The survey of 50 leading chief executives and managing directors from the eating and drinking out market by BigHospitality's sister publication M&C found that the National Living Wage generated a mixed response, however, with 60 per cent believing it may improve staff retention and recruitment.
According to the results, 73.5 per cent believe the Living Wage would either have a slightly negative (50 per cent) or significantly negative effect (23.5 per cent).
Just under 15 per cent said the introduction of a National Living Wage of £7.20 per hour for over-25s from next April would have no impact, while just under 3 per cent said it would have a slightly positive impact and 9 per cent said it would have a significantly positive impact.
The minimum wage is currently £6.50 for those aged 21 and over, but under the Government’s new scheme, this will rise to £7.20 from April 2016.
Although the National Living Wage will only apply to those aged 25 or over, the rate will gradually ratchet from £7.20 up to £9 by 2020.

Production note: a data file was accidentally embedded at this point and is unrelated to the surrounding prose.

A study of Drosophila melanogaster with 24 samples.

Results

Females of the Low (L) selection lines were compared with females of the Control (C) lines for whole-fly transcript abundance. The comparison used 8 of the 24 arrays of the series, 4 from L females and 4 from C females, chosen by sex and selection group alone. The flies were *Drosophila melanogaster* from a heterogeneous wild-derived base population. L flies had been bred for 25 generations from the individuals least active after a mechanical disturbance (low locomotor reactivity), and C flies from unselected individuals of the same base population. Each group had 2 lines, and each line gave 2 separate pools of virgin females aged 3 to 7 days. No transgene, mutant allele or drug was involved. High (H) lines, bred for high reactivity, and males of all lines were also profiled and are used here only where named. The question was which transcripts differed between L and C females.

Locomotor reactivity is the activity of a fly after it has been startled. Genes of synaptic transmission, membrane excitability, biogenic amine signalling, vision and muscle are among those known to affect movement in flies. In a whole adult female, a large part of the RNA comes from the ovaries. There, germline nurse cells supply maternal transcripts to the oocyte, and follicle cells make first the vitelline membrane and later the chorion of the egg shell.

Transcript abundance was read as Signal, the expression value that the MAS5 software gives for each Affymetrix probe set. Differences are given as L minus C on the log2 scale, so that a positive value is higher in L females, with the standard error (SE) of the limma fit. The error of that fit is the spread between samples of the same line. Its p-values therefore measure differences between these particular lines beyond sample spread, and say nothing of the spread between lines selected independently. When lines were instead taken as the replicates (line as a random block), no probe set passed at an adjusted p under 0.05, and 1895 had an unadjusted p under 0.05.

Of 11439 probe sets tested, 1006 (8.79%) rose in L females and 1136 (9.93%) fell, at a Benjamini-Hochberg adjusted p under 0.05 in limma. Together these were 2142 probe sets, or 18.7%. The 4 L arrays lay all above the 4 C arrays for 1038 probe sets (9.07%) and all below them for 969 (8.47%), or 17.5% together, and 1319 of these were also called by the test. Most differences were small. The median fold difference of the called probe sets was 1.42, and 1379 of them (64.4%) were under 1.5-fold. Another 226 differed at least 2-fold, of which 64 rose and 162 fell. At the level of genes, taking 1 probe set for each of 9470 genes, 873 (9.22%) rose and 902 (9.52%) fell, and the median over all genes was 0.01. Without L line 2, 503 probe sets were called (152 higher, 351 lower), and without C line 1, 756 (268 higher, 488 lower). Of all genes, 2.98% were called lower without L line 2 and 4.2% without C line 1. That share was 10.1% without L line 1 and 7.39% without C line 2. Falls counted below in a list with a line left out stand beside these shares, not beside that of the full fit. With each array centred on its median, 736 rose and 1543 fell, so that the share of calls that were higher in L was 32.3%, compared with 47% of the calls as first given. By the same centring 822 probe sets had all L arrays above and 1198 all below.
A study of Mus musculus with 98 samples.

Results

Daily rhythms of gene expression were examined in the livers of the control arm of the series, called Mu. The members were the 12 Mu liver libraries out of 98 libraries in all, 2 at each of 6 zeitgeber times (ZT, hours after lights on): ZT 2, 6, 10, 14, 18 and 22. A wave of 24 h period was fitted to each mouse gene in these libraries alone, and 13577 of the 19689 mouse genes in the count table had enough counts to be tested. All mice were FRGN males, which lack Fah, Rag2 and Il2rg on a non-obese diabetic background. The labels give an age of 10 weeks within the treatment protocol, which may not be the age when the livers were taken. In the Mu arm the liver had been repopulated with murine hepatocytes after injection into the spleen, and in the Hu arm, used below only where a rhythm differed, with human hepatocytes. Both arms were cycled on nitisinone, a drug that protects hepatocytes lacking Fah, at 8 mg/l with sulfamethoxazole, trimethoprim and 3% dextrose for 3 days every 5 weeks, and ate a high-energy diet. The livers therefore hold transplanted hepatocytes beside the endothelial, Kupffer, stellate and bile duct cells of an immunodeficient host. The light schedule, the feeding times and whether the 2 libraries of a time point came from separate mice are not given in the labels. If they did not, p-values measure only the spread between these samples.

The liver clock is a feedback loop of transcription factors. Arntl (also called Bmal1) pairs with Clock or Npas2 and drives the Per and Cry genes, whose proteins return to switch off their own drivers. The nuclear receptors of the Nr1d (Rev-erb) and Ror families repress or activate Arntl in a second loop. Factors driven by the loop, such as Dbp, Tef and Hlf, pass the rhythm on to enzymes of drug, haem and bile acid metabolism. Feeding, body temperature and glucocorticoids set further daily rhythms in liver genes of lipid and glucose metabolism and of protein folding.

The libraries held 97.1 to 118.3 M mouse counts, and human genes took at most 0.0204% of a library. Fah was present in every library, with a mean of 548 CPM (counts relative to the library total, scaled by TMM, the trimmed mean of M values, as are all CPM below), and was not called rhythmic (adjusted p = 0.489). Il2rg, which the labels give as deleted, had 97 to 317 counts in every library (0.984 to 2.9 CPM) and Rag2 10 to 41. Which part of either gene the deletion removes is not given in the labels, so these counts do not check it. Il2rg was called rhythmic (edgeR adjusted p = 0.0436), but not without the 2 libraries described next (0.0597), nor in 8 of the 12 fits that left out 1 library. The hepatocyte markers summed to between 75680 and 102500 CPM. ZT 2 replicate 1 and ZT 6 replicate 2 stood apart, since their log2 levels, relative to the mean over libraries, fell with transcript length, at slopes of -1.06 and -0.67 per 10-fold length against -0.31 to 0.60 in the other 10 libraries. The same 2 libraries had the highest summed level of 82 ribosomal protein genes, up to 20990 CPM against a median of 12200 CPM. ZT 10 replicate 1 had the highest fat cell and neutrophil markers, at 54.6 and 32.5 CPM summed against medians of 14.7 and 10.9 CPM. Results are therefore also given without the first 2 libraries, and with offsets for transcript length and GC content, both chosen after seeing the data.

In the hospitality sector, the current average hourly wage is £6.75, according to recent research by Fourth. To reach the £7.20 target by next April will require a 6.6 per cent increase with a similar annual increase to arrive at the figure of £9 by 2020.
Just under 18 per cent of the leading operators questioned said they would pass the potential increased labour cost on to customers, with c55 per cent saying they would pass on some of the cost.
In terms of the impact on staffing levels, 70 per cent believed they would see no decrease, while c24 per cent would expect a slight decrease and c6 per cent predict a significant drop.
When it came to the impact on retention levels of existing staff and aiding recruitment, just over 44 per cent believed a National Living Wage would lead to a slight improvement, while almost 18 per cent thought it would lead to a significant improvement. The remainder (38 per cent) thought it would lead to no improvement.
When asked which part of the sector they thought would be most negatively impacted by the new legislation, almost 60 per cent opted for the fast food/fast casual category, over casual dining brands, branded pub operators and, finally, independent pubs.